The New Indian Pariahs: Vegetarians Restaurants that cater to the affluent in India are forgoing vegetables in return for ever increasing amounts of meat. Commentator Sandip Roy describes what it's like for a lifelong vegetarian to be confronted with chicken kebabs, mutton biryani and lamb shanks.
NPR logo

The New Indian Pariahs: Vegetarians

  • Download
  • <iframe src="" width="100%" height="290" frameborder="0" scrolling="no" title="NPR embedded audio player">
  • Transcript
The New Indian Pariahs: Vegetarians

The New Indian Pariahs: Vegetarians

  • Download
  • <iframe src="" width="100%" height="290" frameborder="0" scrolling="no" title="NPR embedded audio player">
  • Transcript


For centuries, India has been pretty much a society of vegetarians. Many Hindus and Buddhists there do not eat meat. But the times are changing. And commentator Sandip Roy says in the India of the 21st century, meat is on the menu.

SANDIP ROY, BYLINE: When my friend Lakshmi, a lifelong vegetarian, went to America as a student over 20 years ago, she knew she was in for a hard time. Vegetarian dorm food meant a lot of cheese pizza, french fries, pasta and, if she was lucky, grilled vegetables. After 10 years in San Francisco's vegetarian mecca, when she returned to live in India a few years ago, she had an unexpected identity crisis.

LAKSHMI: I am the new Indian pariah - the vegetarian.

ROY: Yes, even though there are some 300 million vegetarians here. In the new, affluent, urban India, meat has become a status symbol. In the U.S., vegetarianism is a lifestyle choice. In India, once, it wasn't even an ism. It was just the way some of us were brought up for generations, a part of our cultural DNA. Now, says Lakshmi, hostesses need advance warning before she shows up for dinner. And unlike in America, where they would apologize and run to the kitchen to whip up some pasta...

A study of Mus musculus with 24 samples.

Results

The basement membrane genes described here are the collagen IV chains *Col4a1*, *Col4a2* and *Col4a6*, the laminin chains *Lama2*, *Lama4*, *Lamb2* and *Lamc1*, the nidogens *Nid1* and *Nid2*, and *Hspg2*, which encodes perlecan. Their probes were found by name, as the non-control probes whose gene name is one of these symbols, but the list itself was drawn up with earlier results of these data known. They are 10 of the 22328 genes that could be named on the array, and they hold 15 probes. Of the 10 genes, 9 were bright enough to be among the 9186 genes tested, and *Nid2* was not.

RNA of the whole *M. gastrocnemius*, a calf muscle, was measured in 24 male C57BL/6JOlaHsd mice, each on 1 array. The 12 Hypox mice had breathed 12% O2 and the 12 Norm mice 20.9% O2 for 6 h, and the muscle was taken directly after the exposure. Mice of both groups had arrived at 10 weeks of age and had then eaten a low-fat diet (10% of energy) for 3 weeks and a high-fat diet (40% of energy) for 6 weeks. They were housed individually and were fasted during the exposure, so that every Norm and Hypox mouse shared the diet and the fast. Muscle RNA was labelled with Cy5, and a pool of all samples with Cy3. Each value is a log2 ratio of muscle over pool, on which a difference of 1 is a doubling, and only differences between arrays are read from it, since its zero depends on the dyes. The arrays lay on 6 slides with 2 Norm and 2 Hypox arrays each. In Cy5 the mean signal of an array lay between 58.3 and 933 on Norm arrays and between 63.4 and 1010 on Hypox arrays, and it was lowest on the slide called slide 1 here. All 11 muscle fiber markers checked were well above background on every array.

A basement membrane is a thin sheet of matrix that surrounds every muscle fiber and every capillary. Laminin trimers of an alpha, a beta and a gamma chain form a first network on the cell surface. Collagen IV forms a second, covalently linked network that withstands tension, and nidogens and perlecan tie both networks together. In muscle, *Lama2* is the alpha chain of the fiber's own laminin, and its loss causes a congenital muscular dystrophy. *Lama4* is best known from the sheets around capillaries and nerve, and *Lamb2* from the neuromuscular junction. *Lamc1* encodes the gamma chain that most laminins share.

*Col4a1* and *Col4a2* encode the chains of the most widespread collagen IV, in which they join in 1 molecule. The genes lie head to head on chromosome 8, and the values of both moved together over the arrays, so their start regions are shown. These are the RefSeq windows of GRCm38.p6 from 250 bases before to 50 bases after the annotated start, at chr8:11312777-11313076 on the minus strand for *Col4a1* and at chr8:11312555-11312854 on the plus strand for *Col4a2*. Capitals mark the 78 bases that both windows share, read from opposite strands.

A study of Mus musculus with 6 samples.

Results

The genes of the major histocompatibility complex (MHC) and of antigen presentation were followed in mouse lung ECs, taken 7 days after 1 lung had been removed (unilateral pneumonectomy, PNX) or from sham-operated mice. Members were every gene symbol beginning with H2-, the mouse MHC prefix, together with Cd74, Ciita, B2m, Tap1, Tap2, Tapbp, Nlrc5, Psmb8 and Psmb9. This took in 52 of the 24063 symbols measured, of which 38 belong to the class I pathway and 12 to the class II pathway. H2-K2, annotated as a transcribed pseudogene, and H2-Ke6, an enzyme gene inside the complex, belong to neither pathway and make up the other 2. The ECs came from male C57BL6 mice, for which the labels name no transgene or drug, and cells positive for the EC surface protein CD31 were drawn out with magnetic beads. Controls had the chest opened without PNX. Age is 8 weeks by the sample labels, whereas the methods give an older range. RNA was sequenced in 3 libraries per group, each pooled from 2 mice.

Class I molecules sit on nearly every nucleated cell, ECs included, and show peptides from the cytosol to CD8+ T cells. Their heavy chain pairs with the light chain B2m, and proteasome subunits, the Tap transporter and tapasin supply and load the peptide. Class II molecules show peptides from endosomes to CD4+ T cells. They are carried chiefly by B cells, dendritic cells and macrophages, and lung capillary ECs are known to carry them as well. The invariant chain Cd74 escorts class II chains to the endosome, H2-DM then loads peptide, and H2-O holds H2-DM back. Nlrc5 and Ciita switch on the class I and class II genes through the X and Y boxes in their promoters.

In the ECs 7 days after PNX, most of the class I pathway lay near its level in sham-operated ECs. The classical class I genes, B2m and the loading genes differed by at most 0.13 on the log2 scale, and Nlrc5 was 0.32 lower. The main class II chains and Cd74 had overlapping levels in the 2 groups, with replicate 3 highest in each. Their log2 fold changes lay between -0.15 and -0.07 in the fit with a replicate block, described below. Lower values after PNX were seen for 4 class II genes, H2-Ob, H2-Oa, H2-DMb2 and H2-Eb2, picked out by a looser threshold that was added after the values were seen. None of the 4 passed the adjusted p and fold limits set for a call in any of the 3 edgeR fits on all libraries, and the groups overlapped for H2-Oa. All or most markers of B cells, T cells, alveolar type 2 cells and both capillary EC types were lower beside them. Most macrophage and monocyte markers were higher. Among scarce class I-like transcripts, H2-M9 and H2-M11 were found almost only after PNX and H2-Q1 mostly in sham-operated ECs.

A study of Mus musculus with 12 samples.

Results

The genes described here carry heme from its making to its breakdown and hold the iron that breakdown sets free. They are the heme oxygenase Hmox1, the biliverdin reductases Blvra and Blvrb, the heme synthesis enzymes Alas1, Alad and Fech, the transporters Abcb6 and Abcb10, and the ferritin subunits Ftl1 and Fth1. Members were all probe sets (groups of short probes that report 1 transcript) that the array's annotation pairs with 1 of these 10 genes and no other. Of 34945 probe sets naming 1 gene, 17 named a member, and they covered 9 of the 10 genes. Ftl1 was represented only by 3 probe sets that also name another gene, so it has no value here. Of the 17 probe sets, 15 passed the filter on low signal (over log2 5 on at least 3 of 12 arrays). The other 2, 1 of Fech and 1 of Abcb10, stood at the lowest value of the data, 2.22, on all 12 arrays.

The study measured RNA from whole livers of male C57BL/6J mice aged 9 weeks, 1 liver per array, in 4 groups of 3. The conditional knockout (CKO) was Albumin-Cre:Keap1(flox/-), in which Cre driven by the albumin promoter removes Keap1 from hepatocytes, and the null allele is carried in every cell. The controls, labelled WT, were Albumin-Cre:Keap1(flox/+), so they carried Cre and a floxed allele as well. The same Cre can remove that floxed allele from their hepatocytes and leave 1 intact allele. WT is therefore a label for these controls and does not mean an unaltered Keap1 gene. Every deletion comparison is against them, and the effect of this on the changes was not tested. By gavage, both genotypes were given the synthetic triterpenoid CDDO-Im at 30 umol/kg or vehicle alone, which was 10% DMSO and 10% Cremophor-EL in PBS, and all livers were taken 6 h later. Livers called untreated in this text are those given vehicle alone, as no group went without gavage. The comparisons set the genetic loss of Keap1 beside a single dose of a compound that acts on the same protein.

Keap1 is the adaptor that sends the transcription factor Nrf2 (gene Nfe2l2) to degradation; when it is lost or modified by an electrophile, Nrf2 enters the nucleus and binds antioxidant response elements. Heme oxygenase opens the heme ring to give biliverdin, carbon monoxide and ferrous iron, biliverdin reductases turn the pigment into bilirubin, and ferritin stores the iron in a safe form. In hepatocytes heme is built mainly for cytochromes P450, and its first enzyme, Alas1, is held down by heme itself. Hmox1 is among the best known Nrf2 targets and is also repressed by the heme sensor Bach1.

LAKSHMI: Here, it's a sort of a no-win situation, where you think your not eating meat is such a burden on your hosts. Meat has become, like, the food. So you don't have a nice meal without meat. And now, the latest generation is like, you don't have any meal without meat.

ROY: I come from a meat-eating family. My comfort food, something I have had everytime I left for America, is my mother's goat curry with rice. But even I am a little taken aback by the mountains of flesh on display in a country where heart disease has become the number one killer - all-you-can-eat chicken kebabs, mutton biryani, lamb shanks, fish fingers. Some restaurants even serve steak.

Sitting at a farmer's market in Mumbai with his bag of organic greens, food writer Vikram Doctor says vegetables, in comparison, are just a little homely.

VIKRAM DOCTOR: People eat vegetarian at home. They also sort of look down on it, to some extent. People who are non-vegetarian, when they go out, they feel if they have to celebrate, they have to eat meat - which is ridiculous.

ROY: Even many lifelong vegetarians turn non-veg as soon as they eat out. Restaurants almost never serve the vegetables your grandma used to cook, says Vikram.

Bohemian, an eatery that opened recently in Kolkata, serves nouveau Bengali food - but not the kind of Bengali greens my mother makes. Chef Joy Banerjee serves his greens in exotic delicacies like crab baked with cheese. The vegetarian menu is limited.

JOY BANERJEE: My experience has been that most cooks can't make vegetarian food, especially Bengali vegetables. It has a lot to do with timing and understanding of the ingredient.

ROY: One place to find vegetarian food, oddly, is Kentucky Fried Chicken, which serves veggie strips and garbanzo snackers cooked - it promises - on a separate stove with its own pots and pans.

It's not that no one eats their vegetables anymore. They do. It's just that Indian food used to be about tradition. Now, it is about aspiration - the more exotic the better. Taking off next - a chain of emu-based restaurants. Get ready for some emu biryani.

MONTAGNE: Commentator Sandip Roy is culture editor for You can see his mother's recipe for Bengali spinach at


MONTAGNE: This is NPR News.

Copyright © 2012 NPR. All rights reserved. Visit our website terms of use and permissions pages at for further information.

NPR transcripts are created on a rush deadline by Verb8tm, Inc., an NPR contractor, and produced using a proprietary transcription process developed with NPR. This text may not be in its final form and may be updated or revised in the future. Accuracy and availability may vary. The authoritative record of NPR’s programming is the audio record.